The Federal Permitting Improvement Steering Council (FPISC), an independent federal agency, published a proposed comprehensive, integrated permitting timetable for South32’s Hermosa project. This update comes 60 days after Hermosa was announced as the first mining project to be covered by FAST-41 in May 2023.

Hermosa is located on private lands and requires only a handful of state permits from the Arizona Department of Environmental Quality for initial development. The company, however, does anticipate it will need federal environmental reviews, including a National Environmental Policy Act (NEPA) process, for full project development.

The permitting timetable from FPISC includes intermediate and final completion dates for all federal environmental reviews and authorizations for full project development, as well as a list of cooperating agencies. It projects Hermosa will happen in three phases: Hermosa’s Mine Plan of Operations will be submitted and approved by December 2023; Hermosa’s Environmental Impact Statement (EIS) process – from notice of intent (NOI), public comment periods, and final EIS publishing – will occur over the course of 2024 and 2025, and federal authorization for full development will occur in 2026.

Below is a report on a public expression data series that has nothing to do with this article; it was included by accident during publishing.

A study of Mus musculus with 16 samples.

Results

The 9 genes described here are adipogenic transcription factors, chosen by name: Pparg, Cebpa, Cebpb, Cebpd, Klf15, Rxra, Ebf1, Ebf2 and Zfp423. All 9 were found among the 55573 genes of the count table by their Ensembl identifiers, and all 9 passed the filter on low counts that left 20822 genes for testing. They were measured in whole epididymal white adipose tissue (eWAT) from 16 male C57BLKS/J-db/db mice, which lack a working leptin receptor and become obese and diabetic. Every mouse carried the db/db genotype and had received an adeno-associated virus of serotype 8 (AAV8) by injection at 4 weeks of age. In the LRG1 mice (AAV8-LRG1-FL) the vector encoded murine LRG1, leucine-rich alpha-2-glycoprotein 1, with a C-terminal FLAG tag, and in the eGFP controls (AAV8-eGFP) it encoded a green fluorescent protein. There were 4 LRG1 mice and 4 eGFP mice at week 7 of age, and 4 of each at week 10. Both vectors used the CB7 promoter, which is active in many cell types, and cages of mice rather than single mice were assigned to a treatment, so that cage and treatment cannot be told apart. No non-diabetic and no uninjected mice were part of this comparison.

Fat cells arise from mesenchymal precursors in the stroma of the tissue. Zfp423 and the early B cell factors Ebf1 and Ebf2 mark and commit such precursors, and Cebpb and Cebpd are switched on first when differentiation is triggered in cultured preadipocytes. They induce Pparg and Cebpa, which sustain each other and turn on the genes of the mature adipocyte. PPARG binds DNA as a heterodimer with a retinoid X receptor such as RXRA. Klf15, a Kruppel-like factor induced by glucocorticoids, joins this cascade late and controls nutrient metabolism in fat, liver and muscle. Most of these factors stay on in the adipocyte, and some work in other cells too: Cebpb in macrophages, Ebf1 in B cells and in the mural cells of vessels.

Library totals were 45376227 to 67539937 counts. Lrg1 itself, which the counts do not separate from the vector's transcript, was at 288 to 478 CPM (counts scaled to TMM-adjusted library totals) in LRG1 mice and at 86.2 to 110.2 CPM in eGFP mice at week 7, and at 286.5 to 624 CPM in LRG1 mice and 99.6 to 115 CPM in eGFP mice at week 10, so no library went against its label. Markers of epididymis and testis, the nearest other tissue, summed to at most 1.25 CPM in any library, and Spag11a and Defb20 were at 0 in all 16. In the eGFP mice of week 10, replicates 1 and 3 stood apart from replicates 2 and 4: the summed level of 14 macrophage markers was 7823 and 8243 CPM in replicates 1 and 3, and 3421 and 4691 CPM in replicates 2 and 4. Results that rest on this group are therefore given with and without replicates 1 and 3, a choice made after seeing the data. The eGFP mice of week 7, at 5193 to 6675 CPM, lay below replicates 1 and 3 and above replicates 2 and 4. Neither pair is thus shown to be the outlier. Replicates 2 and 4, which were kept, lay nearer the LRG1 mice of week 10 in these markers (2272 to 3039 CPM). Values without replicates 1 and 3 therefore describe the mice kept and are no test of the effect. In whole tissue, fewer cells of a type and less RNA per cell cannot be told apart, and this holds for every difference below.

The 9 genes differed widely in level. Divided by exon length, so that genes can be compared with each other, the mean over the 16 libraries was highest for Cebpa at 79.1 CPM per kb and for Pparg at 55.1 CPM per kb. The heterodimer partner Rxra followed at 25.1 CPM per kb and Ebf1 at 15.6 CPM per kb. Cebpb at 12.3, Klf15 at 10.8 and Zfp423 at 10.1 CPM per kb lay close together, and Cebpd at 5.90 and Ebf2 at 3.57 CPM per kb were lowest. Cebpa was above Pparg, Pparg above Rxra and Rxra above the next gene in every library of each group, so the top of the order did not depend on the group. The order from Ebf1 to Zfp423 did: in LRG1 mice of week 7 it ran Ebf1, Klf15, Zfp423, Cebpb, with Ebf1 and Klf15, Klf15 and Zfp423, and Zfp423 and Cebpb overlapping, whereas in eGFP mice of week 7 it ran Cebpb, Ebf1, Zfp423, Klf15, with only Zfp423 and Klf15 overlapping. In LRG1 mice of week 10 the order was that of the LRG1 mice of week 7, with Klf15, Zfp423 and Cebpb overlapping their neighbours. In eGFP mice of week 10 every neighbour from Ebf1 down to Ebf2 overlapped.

“The process to authorize full development reflects that stakeholders will be coordinated at the outset of project development,” Hermosa President Pat Risner said. “We welcome FAST-41 building on the NEPA process of providing stakeholders with increased transparency, real-time information that is publicly available on the Permitting Dashboard, and multiple opportunities over the next few years to give feedback. Since our inception, the Hermosa project has actively sought out, and has already incorporated, community feedback on the project’s planning and design.”

Located in Southern Arizona, the Hermosa project is currently the only advanced mine development project in the U.S. that could produce two USGS-designated critical minerals – manganese and zinc. It is also the only advanced project in the U.S. that has a viable pathway to produce battery-grade manganese to help the rapidly growing North American electric vehicle supply chain.